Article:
The first time Ronnie Elrod went to jail was in 1986, in Dallas. Elrod was convicted on charges of Possession with Intent to Deliver, and was locked up for 18 months. He got out on parole, kept his nose clean for about six years, but then, he says, “Life happened, and I made some poor choices once again.” The charges were again Possession with Intent to Deliver, but this time there was a gun involved, which wound up greatly increasing Elrod’s sentence. He remained in jail for the next 15 years, shuttled from one prison facility to another.
In the months leading up to his release, Elrod wound up being transferred to a prison in Sheridan, Oregon. Like any convict on his way to release, Elrod was anxious about finding work when he got out. One day in prison, he picked up a copy of a magazine and read about a company called Dave’s Killer Bread, which was run by a former felon named Dave Dahl, and which made a point of hiring ex-cons, too.
Elrod put the article down and said to some of his cellmates, jokingly, “Maybe I’ll work for Dave’s Killer Bread when I go home.”
Only it wound up not being a joke at all. Today Elrod indeed does work for Dave’s Killer Bread as a plant manager. He’s joined a staff of nearly 300, roughly a third of whom have been behind bars at some point, only to have been offered a second chance by this Milwaukie, Oregon, bread company.
Dave Dahl founded Dave’s Killer Bread in 2005. “In effect he reimagined the family business,” says John Tucker, whom Dahl later tapped to be the company’s CEO. Dahl’s family had been in the baking business for years, but Dahl developed new recipes of organic, seed-laden bread, became a hit at local farmers markets in Portland, and then began expanding in the region and beyond. A $3 million business has now grown to a $70 million one, says Tucker, with distribution currently in 25 states and with a fully national (plus Canadian) presence expected soon. In the coming weeks, the bread will enter markets in Florida, the Carolinas, Georgia, Alabama, and Tennessee. Through its placement in Costco and other major supermarkets, DKB is already the nation’s top-selling organic bread.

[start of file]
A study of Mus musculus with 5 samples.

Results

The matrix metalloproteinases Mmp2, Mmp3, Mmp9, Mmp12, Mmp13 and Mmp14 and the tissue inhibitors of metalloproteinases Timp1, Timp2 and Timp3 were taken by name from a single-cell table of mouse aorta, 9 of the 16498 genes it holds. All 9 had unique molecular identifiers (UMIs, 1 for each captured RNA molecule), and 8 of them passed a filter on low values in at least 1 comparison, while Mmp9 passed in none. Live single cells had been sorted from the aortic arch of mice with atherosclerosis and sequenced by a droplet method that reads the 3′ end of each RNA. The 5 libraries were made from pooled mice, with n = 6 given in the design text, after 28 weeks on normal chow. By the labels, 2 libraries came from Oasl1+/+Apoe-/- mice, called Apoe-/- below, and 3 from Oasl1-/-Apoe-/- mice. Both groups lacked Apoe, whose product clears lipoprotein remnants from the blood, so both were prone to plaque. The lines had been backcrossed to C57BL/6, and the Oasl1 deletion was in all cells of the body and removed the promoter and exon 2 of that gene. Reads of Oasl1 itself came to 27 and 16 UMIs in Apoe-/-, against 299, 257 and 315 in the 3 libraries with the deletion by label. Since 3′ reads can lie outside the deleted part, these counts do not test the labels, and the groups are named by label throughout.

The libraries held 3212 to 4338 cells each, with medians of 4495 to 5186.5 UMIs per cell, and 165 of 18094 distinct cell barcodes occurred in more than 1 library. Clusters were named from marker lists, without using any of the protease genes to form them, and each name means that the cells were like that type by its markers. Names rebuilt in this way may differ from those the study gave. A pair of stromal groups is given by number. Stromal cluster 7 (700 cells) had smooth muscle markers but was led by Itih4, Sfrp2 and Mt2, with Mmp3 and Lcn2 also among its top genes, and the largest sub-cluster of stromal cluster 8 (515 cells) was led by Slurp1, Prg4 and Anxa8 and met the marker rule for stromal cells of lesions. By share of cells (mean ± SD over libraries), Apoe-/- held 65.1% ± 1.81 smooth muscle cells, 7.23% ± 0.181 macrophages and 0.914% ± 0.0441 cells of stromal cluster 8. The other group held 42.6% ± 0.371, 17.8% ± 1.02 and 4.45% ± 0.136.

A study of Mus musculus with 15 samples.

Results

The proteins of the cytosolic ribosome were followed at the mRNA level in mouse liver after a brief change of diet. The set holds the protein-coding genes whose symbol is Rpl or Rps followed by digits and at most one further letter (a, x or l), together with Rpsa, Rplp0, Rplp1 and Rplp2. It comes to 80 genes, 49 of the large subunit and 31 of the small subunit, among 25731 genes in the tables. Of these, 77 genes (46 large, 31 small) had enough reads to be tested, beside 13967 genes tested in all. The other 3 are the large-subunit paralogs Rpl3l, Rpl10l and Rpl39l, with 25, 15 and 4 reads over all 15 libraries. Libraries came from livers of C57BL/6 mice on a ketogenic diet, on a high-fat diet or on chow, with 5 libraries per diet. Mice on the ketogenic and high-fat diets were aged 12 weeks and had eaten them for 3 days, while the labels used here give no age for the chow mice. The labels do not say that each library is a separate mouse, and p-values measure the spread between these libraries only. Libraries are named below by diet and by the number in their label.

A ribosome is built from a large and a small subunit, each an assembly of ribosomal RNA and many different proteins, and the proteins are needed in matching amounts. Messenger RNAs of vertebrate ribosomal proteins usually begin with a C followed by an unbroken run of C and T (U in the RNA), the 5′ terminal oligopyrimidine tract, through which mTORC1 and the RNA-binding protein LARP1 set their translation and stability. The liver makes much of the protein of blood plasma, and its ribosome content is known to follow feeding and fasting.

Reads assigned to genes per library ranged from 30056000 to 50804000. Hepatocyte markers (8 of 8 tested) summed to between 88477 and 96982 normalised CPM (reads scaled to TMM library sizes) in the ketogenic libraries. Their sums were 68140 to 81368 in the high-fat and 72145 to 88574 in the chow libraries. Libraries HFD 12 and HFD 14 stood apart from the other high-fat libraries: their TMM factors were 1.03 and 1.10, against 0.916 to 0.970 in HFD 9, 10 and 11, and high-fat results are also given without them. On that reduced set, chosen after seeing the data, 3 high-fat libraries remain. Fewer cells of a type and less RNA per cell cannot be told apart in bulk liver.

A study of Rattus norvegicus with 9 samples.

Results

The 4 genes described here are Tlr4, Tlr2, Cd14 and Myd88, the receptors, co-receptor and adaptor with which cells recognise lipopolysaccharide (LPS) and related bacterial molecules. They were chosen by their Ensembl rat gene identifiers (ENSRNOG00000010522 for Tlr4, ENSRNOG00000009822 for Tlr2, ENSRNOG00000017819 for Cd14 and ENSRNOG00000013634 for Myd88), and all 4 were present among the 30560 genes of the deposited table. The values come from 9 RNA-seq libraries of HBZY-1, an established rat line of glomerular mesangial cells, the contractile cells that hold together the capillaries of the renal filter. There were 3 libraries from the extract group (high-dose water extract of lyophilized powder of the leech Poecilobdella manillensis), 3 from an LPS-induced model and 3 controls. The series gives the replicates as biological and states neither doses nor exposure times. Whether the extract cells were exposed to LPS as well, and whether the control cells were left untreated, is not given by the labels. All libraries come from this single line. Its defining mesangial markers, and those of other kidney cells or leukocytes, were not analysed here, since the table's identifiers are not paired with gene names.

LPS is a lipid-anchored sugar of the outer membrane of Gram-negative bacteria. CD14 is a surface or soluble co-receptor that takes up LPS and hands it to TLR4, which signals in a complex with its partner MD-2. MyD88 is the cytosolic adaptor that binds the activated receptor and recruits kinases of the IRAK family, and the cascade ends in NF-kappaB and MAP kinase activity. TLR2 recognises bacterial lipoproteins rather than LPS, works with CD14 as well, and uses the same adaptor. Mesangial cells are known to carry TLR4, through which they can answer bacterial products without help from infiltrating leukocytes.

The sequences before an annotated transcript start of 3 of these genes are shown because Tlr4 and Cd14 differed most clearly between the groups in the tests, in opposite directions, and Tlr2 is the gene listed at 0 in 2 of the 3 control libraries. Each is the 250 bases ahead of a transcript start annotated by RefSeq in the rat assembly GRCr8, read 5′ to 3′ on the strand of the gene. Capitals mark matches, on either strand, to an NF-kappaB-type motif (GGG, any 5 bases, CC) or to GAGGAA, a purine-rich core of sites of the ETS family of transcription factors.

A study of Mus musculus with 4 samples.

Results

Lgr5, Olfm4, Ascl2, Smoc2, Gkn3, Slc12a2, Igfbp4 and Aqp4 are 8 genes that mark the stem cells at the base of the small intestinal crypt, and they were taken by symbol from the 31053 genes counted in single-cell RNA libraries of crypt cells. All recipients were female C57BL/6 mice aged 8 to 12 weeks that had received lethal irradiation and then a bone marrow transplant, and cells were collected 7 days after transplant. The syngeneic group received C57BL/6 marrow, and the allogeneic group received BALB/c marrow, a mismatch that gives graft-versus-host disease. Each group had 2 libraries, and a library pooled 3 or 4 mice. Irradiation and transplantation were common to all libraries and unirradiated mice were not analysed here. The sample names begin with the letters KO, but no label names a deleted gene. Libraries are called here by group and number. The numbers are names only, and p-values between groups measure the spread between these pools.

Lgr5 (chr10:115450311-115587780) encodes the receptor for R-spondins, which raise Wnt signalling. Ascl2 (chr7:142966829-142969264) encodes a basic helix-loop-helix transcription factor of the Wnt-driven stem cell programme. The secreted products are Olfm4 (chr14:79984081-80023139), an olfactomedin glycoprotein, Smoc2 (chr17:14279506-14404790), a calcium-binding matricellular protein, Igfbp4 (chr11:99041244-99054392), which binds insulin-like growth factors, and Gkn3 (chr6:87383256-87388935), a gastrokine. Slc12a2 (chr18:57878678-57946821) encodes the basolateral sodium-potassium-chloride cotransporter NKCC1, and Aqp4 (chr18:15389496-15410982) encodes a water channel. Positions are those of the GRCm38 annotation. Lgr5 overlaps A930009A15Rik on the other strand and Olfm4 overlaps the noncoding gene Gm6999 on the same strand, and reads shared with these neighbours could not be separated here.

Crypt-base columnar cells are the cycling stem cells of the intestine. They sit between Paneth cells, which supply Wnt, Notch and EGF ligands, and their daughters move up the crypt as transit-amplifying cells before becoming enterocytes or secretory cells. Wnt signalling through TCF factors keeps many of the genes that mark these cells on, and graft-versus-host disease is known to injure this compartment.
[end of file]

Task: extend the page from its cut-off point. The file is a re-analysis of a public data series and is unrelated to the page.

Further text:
Talk to Tucker about his bread company, and he’s happy to discuss growth, expansion, recipe, and so on. But you get the sense that he’s much more excited to talk about the way DKB can make a difference in its community, by giving a second chance to ex-convicts. Not only is DKB one of few companies that hire ex-felons at all, the company also runs what it calls “partner enrichment programs” that educate these employees about how to manage a budget, resolve conflict, find housing, and so on. “A lot of these individuals face lifelong challenges that stem from incarceration and the reasons for their incarceration,” says Tucker. “We bring that support in-house. We don’t rely on them to go out and find it through public services.”
Tucker says he has a faith in business’s ability, above all, to make a difference in lives. “I call it business with a heart,” he says. “People here often hear me say I believe business has the greatest chance to make a difference in the world we live in. It’s not government, it’s not religion, it’s business that’s going to ensure we leave a legacy for our children and grandchildren.” Though Tucker is not an ex-convict himself, he says his son recently wound up in prison–a “utterly unexpected” development that blindsided Tucker after he accepted the position at Dave’s Killer Bread.
When Tucker tells people about the composition of his workforce, he’s often given the same barrage of questions, and he delights in answering. After doing some analysis with his HR group, Tucker compared the performance of the felons and non-felons among his staff. “Overall the ex-felons’ performance rating is slightly higher than non-felons,” says Tucker. “Most people think it’s the opposite: that the ex-felons are a challenge, are difficult. That is simply not the case.” Tucker says that more businesses–many more–should hire felons.
And Elrod, for his part, agrees. “I’d certainly like to see more employers being open-minded like we are,” he says. “We have an attitude of gratitude,” he says of ex-offenders who enter the workforce. “We don’t have a sense of entitlement. We’re happy to have a job.”
And if recidivism remains a problem, more often than not, it’s the reluctance of employers to take a chance on ex-offenders that plays a role in those “poor choices” that Elrod made when he slipped up again in the ’90s. “Recidivism is a problem, but the reason it’s so high is because people come home and aren’t able to find gainful employment,” says Elrod, who recently co-taught a 12-week course on entrepreneurship at a correctional institute in Portland. “Most people–especially those who have done a significant amount of time–are looking for an opportunity, and will take it and run with it.”